On this day 1831 Dic Penderyn was hanged on the gallows in St. Mary's S treet, outside Cardiff gaol. His last words are reported to have been "O Arglwydd, dyma gamwedd" ( "Oh Lord, here is iniquity") Dic Penderyn was a Welsh labourer and coal miner, who was born, Richard Lewis in Aberavon in 1808. He and his family moved to Merthyr Tydfil in 1819, where he and his father worked in the local mines. Richard was always known as Dic Penderyn after the village of Penderyn near Hirwaun where he lodged.
On June 3, 1831, he was involved in the Merthyr Rising, which was one of many protests throughout industrial Wales at the time against the terrible working conditions in the mines and ironworks, made worse by wage cuts and the layoffs as demand for iron and coal fell away. A mob ransacked the building where court records of debt were being stored and in a bid to restore order, a detachment from one of the Highland Regiments stationed at Brecon, fired into the unarmed crowd, killing 16 people. No soldiers were killed in the affray, but one, a Private Donald Black was stabbed in the leg with a bayonet. Along with his cousin Lewis Lewis, Dic Penderyn was arrested for the attack even though neither man could be identified as carrying it out. Even though it is thought that Dic had had limited involvement in the rising, both he and his cousin were convicted, sentenced to death, however, Lewis Lewis later had his sentence commuted to transportation.
The people of Merthyr Tydfil were convinced that Dic Penderyn was not guilty and raised a petition demanding his release that was signed by over 11,000. However, the Home Secretary Lord Melbourne, well known for his severity, refused to reduce the sentence and Dic Penderyn was duly hanged. Thousands grieved and lined the route as Dic's coffin was taken from Cardiff to Aberavon where he was buried in St Mary's churchyard, Port Talbot.
Dic's death embittered relations between Welsh workers and the authorities and strengthened the Trade Union movement and Chartism in the run up to the Newport Rising. He became a working class hero, a folk hero, who through his death became a symbol for those who tried to fight and resist oppression.
"The man who knew too much" - (Photographs courtesy of Nigel Linsan Colley - www.garethjones.org)
Gareth Richard Vaughan Jones (born in Barry on 13th August 1905) - "unsung hero of Ukraine" a journalist who first publicised the existence of the Great Ukranian Famine of 1932-33 (the Holodomor) to the Western World.
His mother had been tutor to the grandchildren of the Welsh steel industrialist John Hughes, who was the founder of the town of Hughesovka , modern day Donetsk in Ukraine and her stories inspired in Jones a desire to visit the Soviet Union and particularly Ukraine.
In January 1930, he began work as Foreign Affairs Advisor to David Lloyd George, before touring the Soviet Union in the summer of 1931 with H.J. Heinz of the food company dynasty. In 1932, Jones returned to work for Lloyd George and helped the wartime Prime Minister write his War Memoirs .
In 1933, Jones covered the coming into power of the Nazi Party in Germany and later he flew with Hitler to report on his tumultuous acclamation in Frankfurt. he then travelled to Russia and Ukraine, after which he issued his now famous press release, with the heading. 'There is no bread. We are dying'. Going on to report how many houses were full of dead and dying people and how those who were alive, were living on cattle fodder.
This report was unpopular, as many in the media were sympathetic with the Soviet regime and denied the existence of a famine. Jones was subsequently banned from visiting the Soviet Union again and turned his attention to the Far East, to where he toured in late 1934. In Japan, he was captured by bandits and shot dead in mysterious circumstances. There were strong suspicions that Jones had been murdered by the Soviet secret police as a reprisal for the embarrassment he had previously caused the Soviet regime.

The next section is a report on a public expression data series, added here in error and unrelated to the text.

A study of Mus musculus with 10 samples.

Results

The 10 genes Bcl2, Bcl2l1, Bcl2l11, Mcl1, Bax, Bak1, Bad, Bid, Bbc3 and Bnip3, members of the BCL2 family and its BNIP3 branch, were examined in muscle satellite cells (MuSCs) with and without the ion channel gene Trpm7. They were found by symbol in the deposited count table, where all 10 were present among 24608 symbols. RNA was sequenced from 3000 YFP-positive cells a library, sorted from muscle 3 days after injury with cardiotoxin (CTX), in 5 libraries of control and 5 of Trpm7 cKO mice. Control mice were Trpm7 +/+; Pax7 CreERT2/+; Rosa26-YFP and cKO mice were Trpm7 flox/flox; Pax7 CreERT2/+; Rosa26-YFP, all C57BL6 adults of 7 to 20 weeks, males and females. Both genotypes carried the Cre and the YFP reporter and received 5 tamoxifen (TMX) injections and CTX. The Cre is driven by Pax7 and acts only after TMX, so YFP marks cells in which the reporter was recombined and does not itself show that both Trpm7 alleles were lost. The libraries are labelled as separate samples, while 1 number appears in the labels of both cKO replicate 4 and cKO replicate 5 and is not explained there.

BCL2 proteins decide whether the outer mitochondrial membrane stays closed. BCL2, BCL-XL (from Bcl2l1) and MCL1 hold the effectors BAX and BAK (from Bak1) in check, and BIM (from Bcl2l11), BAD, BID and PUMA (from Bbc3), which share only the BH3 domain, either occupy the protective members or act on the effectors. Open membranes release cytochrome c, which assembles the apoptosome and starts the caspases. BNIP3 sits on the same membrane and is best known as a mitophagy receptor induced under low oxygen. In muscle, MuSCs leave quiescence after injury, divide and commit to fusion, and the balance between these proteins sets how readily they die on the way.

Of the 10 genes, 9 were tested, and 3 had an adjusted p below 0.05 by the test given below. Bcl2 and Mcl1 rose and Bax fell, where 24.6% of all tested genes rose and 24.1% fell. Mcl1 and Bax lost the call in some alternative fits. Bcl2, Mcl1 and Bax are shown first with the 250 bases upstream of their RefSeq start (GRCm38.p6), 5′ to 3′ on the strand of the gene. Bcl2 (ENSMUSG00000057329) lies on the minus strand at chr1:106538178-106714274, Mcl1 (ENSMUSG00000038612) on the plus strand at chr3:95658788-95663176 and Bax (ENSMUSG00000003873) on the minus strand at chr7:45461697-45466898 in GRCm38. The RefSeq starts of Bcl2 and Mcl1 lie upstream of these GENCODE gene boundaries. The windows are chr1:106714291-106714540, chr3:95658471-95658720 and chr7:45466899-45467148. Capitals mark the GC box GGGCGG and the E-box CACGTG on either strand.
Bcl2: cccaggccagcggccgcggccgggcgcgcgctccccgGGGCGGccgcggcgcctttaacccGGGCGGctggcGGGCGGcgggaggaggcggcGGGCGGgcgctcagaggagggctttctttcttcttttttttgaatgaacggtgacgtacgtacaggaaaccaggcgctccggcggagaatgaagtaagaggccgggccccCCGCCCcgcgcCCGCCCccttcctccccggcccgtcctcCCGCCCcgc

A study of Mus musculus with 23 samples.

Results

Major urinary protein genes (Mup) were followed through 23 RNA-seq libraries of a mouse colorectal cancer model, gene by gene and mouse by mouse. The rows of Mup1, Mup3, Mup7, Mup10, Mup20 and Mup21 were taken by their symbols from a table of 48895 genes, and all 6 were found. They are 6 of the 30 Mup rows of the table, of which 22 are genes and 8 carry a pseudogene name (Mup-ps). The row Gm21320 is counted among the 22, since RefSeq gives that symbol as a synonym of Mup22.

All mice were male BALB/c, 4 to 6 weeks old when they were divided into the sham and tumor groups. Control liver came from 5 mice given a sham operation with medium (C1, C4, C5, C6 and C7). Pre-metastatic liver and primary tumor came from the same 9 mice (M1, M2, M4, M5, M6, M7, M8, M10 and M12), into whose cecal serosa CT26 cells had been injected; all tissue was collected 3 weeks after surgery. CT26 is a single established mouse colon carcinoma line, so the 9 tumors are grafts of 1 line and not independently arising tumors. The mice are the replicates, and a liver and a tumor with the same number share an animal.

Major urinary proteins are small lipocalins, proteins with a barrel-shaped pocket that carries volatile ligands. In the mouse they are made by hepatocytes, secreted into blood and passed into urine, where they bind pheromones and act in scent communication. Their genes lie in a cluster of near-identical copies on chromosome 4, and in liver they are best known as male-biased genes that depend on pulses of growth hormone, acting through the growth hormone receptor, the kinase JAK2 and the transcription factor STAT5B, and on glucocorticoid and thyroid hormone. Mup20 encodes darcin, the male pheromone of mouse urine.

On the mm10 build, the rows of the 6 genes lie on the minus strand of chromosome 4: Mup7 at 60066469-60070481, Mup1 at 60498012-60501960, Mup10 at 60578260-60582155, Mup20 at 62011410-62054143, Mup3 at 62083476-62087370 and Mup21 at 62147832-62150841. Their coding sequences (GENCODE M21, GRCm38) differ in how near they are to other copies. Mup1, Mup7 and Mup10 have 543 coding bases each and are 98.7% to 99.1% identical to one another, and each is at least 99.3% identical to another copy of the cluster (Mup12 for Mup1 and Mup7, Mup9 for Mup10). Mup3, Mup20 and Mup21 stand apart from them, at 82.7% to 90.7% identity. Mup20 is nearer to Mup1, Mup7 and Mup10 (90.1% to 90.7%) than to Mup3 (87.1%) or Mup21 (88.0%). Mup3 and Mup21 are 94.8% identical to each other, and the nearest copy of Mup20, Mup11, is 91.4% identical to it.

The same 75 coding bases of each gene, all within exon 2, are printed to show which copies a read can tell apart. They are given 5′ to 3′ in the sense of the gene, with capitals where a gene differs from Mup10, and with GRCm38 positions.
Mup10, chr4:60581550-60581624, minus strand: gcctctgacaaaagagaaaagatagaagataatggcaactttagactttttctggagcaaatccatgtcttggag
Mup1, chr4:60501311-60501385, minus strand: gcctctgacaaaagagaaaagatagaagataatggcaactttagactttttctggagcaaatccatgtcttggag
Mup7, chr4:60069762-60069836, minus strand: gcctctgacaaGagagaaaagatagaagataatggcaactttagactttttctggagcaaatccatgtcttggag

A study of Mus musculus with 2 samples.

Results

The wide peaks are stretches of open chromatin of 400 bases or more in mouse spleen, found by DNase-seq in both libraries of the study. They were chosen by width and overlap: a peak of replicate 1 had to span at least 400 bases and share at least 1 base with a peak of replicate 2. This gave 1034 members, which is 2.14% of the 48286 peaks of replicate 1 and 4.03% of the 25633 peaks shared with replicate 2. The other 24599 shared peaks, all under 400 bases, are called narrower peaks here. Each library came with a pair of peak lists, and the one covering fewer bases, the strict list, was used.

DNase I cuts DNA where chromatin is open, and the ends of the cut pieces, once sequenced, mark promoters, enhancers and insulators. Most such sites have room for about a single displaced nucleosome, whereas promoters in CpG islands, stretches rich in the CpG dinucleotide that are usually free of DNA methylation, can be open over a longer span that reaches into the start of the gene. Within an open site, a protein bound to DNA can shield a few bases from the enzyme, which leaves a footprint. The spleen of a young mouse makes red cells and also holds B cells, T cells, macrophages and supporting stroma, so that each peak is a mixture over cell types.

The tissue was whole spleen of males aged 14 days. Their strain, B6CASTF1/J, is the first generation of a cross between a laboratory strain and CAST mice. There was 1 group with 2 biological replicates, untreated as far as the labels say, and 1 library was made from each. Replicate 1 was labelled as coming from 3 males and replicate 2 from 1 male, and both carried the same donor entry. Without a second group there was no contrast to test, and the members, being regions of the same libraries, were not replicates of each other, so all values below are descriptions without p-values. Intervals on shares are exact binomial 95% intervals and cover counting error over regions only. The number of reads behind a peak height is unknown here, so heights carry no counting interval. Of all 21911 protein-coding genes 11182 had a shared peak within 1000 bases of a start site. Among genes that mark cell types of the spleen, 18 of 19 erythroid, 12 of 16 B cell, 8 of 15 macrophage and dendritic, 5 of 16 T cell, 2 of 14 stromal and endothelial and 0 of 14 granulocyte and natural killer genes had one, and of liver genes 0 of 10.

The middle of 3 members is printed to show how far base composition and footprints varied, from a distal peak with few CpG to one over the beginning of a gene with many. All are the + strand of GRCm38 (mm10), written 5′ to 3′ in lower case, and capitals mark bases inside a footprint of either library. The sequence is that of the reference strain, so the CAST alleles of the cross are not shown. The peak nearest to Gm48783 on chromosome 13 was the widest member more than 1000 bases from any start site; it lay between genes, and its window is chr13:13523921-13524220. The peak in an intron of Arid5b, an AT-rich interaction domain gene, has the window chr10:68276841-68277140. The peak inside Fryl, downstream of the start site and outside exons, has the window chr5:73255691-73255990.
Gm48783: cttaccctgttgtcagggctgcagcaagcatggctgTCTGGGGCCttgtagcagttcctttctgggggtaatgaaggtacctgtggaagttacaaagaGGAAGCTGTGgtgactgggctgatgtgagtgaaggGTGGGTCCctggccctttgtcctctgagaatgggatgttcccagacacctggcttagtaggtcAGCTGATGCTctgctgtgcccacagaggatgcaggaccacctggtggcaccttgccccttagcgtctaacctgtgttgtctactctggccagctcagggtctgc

In 2006, a trilingual (Welsh/English/Ukrainian) plaque was unveiled in Gareth Jones' memory in the Old College at Aberystwyth University and in 2008, Jones and fellow Holodomor journalist Malcolm Muggeridge were posthumously awarded the Ukranian Order of Merit in reward for their exceptional services to the country and its people.
Born this day 1945 in Kenfig Hill, near Bridgend.
Howard Marks - author and former drug smuggler , who achieved notoriety as an international cannabis smuggler. At his peak, he was supposedly smuggling up to 30 tons of the drug at a time and was connected with the CIA, MI6, IRA and the Mafia. He was finally convicted by the American Drug Enforcement Administration and handed a 25-year sentence, though he was released in April 1995 after serving seven. Marks was nicknamed Mr Nice, after a passport that he acquired belonging to convicted murderer Donald Nice, one of 43 different aliases he is thought to have used.
In August 1909, Noah Ablett was a founding member of the Plebs' League at Ruskin College, Oxford.
Noah Ablett, born in 1883 in Porth, Rhondda was a trade unionist and political theorist. He had originally intended to join the ministry but turned his attention to the plight of the poor pay and working conditions of the coal miners in Rhondda. After winning a scholarship to Ruskin College, Oxford in 1907, he was part of the college strike and subsequent movement that saw the creation of the Plebs' League, a Marxist educational group.
On returning to Wales, Ablett became a checkweighman at Mardy Colliery and set up Marxist educational classes. He was also one of the founders of the Unofficial Reform Committee and the main author of 'The Miners' Next Step', which demanded a minimum wage for miners and for control of the mines to be handed to the workers. Between 1921 and 1926 he was an executive member of the Miners' Federation of Great Britain.